Bisnow's Mike Phillips, L&Q's Jacqueline Esimaje-Heath, Ballymore's John Mulryan, London Irish's Sam Windridge and Reddy Architecture's Tom Pettigrew

One of the biggest housebuilders active in London has said that a change in government policy is needed if homes are to become more affordable to owner occupiers.

Speaking at Bisnow’s Future of West London event, Ballymore Group Managing Director John Mulryan said that in spite of protestations from government that they want to increase the affordability of housing, the current policy and taxation regime drives developers to target high-value homes. 

“At the moment, all the focus of policymakers is not on private homes and owner occupiers,” Mulryan said. “We have a system where developers are required to provide a certain level of subsidised affordable housing or social housing, as well as paying into an infrastructure levy. In order to be able to provide that, you have to sell the remaining private units at as high a price as possible, and that involves selling to high net worth investors around the world.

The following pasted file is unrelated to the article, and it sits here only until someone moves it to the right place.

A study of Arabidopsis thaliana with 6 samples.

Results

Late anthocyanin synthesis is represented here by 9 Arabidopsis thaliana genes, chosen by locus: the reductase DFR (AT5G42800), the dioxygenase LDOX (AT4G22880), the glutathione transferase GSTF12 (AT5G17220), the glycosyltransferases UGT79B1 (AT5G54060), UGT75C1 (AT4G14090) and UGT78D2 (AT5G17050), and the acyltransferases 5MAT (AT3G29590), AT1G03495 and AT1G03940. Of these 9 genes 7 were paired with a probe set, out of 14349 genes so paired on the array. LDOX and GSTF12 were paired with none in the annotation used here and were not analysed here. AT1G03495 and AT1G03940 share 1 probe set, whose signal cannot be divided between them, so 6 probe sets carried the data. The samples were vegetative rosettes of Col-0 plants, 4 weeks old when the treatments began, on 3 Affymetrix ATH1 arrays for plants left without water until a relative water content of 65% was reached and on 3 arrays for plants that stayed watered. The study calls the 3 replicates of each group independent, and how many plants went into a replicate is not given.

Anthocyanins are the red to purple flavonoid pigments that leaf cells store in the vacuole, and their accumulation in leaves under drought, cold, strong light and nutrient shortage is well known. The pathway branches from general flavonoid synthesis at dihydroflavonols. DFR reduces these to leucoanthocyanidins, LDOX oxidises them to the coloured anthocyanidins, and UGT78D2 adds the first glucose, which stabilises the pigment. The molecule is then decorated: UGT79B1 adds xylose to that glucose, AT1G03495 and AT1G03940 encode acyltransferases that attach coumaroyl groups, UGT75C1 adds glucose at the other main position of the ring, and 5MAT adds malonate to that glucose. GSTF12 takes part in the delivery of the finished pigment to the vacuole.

“By definition, affordable housing is housing that people can afford. If you look at our schemes in Ireland, 99% of those are bought by owner occupiers. In London, that figure averages at about 20%.”

Mulryan said a form of quota would have to be introduced to change this situation.

“I think one of the only policy measures you could implement which would tip that balance back in favour of owner occupiers would be some sort of minimum in the amount of homes in a scheme sold to owner occupiers,” he said. “To achieve this we would need to provide more affordable private housing. But that would mean that land prices would have to drop and it will also impact the amount of social housing you could provide for a viable project.”

Mulryan was speaking at an event hosted at Ballymore’s Brentford Project in West London, an 11-acre site between the river and the high street in Brentford which will deliver more than 800 new homes and 140K SF of new retail, as well as cultural and leisure and commercial opportunities.

Mulryan said the company is looking to create a new high street for the area, which would involve bringing in a blend of local and national retailers to the district.

He said that entailed abandoning the notion that retailers need to offer a long, positive credit history, and that Ballymore had to use its judgement on the kind of retailers and restaurateurs that would appeal to the existing local population and the people that would move to the area as a result of the scheme.